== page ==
The plaintiffs are the heirs of Ed Townsend, a musician and producer who co-wrote Gaye’s 1973 soul classic.

They allege that there are “striking similarities and overt common elements” between Gaye’s sultry classic and Sheeran’s “Thinking Out Loud.”

It’s not the first time Sheeran has been taken to court, as copyright lawsuits in the music industry flourish.

Sheeran testified in a London court in April last year in a case centered around his song “Shape of You.” He is among the potential witnesses to be called in this trial as well, in which opening arguments were due to begin Tuesday after a jury is selected, a lawyer working on the case told AFP.

A scene from the ‘Thinking Out Loud’ music video

Townsend’s family has pointed out that the group Boyz II Men has performed mash-ups of the two songs, and that Sheeran has blended the songs together on stage as well.

Sheeran’s team contests the allegations, saying “there are dozens if not hundreds of songs that predate and postdate” Gaye’s song, “utilizing the same or similar chord progression.”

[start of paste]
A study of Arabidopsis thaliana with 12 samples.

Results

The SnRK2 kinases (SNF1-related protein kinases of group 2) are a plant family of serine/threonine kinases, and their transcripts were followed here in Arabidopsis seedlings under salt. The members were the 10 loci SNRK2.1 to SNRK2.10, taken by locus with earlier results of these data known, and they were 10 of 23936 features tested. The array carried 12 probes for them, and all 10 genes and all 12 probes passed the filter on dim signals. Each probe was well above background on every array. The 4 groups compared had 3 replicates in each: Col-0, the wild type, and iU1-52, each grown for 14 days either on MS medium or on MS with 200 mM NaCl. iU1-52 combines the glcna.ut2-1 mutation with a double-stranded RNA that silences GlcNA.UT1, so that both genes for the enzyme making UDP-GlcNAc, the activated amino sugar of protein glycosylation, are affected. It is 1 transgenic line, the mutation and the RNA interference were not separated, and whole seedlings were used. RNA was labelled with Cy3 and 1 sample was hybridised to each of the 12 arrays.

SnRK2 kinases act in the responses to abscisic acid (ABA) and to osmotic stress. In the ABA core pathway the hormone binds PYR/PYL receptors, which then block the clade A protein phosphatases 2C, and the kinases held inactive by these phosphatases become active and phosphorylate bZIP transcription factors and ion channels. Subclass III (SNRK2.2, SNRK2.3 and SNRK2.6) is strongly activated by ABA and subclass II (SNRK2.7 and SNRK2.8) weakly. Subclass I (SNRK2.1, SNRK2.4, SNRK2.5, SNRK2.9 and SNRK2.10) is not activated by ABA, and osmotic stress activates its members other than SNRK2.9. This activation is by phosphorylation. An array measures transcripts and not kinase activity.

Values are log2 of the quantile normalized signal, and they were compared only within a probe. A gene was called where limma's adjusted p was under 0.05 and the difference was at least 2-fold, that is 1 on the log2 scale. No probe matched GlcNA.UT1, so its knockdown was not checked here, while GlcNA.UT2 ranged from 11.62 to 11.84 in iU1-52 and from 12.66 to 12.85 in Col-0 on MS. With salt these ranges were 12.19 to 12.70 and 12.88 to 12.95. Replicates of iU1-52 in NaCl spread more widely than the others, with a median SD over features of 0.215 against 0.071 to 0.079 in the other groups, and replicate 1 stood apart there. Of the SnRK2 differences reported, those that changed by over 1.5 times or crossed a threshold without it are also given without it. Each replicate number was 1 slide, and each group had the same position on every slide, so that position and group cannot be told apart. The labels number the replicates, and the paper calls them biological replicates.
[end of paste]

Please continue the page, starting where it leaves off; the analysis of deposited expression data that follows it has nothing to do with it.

“These medleys are irrelevant to any issue in the case and would be misleading [and] confuse the jury.”

Sheeran’s “Thinking Out Loud” shot up America’s Billboard Hot 100 charts when it was released, and won Sheeran a Grammy Award for “Song of the Year” in 2016.

The lawsuit, filed in 2016 – and refiled in 2017 after being rejected on procedural grounds – also names Sony.

In Sheeran’s London trial, the singer called the lawsuit emblematic of copyright litigation that goes too far, potentially stifling creativity.

Gaye’s family is not part of the New York lawsuit against Sheeran, though his estate successfully sued the artists Robin Thicke, Pharrell Williams, and T.I. over similarities between the song “Blurred Lines” and Gaye’s “Got to Give it Up.”